Read the Globe and Mail article: University of Victoria team developing platform to monitor children’s rights.
Read the Times Colonist article: UVic project aims to improve children’s rights.
Read the Prince George Citizen article: UNBC prof pairs with GlobalChild for five-year project.
Read the MFSHR press release: MFSHR Scholar Leads New Approach To Monitoring, Compliance On Children’s Rights.
Read the UVIC media releases: Lack of compliance on children’s rights spurs new approach in monitoring, accountability.
The GlobalChild Team
The Global Child Initiative aims to help Canada and other signatory governments to the UN Convention of the Rights of the Child identify and correct weaknesses and deficits in government services that impact children. In Canada, persistent health inequities continue to be experienced by Indigenous children, highlighting the need for a monitoring tool that can identify gaps and inform improved allocation of resources and development of programs and services.
Building on the concept of engagement in order to account for the voices of those who are most directly impacted, the NCCAH will partner with the Global Child team to help build collaborative relationships with Indigenous peoples from the start of the project. Dr. Margo Greenwood, Academic Lead of the NCCAH, will head an Indigenous advisory committee to review and adapt the Global Child indicators for Indigenous children. The work of the advisory committee will be informed by Dr. Greenwood’s contribution to the UN Convention on the Rights of the Child, General Comment 11; Indigenous children and their rights under the Convention.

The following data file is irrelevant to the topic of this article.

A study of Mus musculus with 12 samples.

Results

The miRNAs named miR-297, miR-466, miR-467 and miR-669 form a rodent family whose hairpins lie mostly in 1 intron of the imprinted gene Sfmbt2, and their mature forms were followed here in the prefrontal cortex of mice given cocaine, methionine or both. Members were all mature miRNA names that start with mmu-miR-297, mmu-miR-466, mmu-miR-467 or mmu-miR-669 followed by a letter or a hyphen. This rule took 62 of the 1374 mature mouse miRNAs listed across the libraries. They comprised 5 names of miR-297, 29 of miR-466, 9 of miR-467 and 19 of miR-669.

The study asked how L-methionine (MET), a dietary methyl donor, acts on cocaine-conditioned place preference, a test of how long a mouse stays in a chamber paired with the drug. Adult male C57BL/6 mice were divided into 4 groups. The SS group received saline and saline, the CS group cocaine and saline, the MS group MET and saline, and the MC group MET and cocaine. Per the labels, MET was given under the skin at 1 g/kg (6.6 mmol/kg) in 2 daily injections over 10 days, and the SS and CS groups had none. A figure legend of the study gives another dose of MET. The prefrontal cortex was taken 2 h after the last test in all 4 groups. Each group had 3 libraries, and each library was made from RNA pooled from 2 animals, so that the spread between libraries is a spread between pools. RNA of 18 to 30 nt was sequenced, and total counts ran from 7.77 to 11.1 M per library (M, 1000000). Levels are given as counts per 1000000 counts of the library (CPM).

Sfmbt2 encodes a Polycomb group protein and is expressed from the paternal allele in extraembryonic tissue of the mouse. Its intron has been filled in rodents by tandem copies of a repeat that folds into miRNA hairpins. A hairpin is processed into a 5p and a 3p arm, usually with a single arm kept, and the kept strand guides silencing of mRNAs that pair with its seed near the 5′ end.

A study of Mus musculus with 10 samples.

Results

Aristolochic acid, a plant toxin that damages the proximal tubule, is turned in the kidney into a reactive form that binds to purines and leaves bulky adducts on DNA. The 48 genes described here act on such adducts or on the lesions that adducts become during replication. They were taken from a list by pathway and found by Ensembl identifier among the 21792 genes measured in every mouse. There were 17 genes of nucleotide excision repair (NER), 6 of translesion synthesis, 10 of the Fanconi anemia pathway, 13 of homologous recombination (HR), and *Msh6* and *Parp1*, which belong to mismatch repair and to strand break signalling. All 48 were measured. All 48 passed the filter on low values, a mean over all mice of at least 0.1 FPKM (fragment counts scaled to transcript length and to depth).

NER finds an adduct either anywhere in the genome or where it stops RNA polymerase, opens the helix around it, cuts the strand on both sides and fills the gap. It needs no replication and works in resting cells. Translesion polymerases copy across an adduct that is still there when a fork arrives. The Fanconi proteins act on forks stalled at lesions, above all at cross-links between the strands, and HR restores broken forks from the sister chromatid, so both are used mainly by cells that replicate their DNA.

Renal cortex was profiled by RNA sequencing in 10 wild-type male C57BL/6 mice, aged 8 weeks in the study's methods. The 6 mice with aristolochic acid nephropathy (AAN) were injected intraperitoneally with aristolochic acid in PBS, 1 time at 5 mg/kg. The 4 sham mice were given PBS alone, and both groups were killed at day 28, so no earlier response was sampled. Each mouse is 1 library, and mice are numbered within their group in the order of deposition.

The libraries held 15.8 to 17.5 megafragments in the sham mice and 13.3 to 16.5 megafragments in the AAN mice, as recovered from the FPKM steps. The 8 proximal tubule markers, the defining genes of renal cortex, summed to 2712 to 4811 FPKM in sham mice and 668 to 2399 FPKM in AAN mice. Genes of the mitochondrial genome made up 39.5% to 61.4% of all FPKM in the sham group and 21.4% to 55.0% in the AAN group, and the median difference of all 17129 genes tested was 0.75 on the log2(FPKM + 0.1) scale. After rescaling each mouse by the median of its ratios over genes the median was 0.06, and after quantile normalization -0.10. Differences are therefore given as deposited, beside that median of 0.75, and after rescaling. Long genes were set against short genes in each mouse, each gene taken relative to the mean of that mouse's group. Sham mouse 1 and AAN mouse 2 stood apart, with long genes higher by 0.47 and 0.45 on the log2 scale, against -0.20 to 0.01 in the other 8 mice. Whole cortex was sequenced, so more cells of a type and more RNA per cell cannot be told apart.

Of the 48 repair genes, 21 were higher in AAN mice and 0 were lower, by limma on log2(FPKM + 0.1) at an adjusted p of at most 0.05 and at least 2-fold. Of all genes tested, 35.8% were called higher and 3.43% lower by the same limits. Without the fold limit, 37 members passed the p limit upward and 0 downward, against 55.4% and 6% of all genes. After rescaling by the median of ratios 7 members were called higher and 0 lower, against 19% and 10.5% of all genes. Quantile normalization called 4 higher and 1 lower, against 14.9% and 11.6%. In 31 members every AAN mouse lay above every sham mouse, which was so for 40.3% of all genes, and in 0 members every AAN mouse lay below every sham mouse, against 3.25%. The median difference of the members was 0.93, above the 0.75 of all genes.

The involvement of the NCCAH and Dr. Greenwood will help ensure respectful, nation-to-nation dialogue and relationship-building in the creation and piloting of the Global Child indicators, and in their refinement and adaptation to the unique circumstances and experiences of Indigenous children in Canada and globally. In holding governments accountable to their commitments to guarantee the rights of children, including minority and Indigenous children, the Global Child Initiative represents an important opportunity to address enduring, deeply systemic health inequities and ensure the best possible lifelong chances for every Indigenous child and family.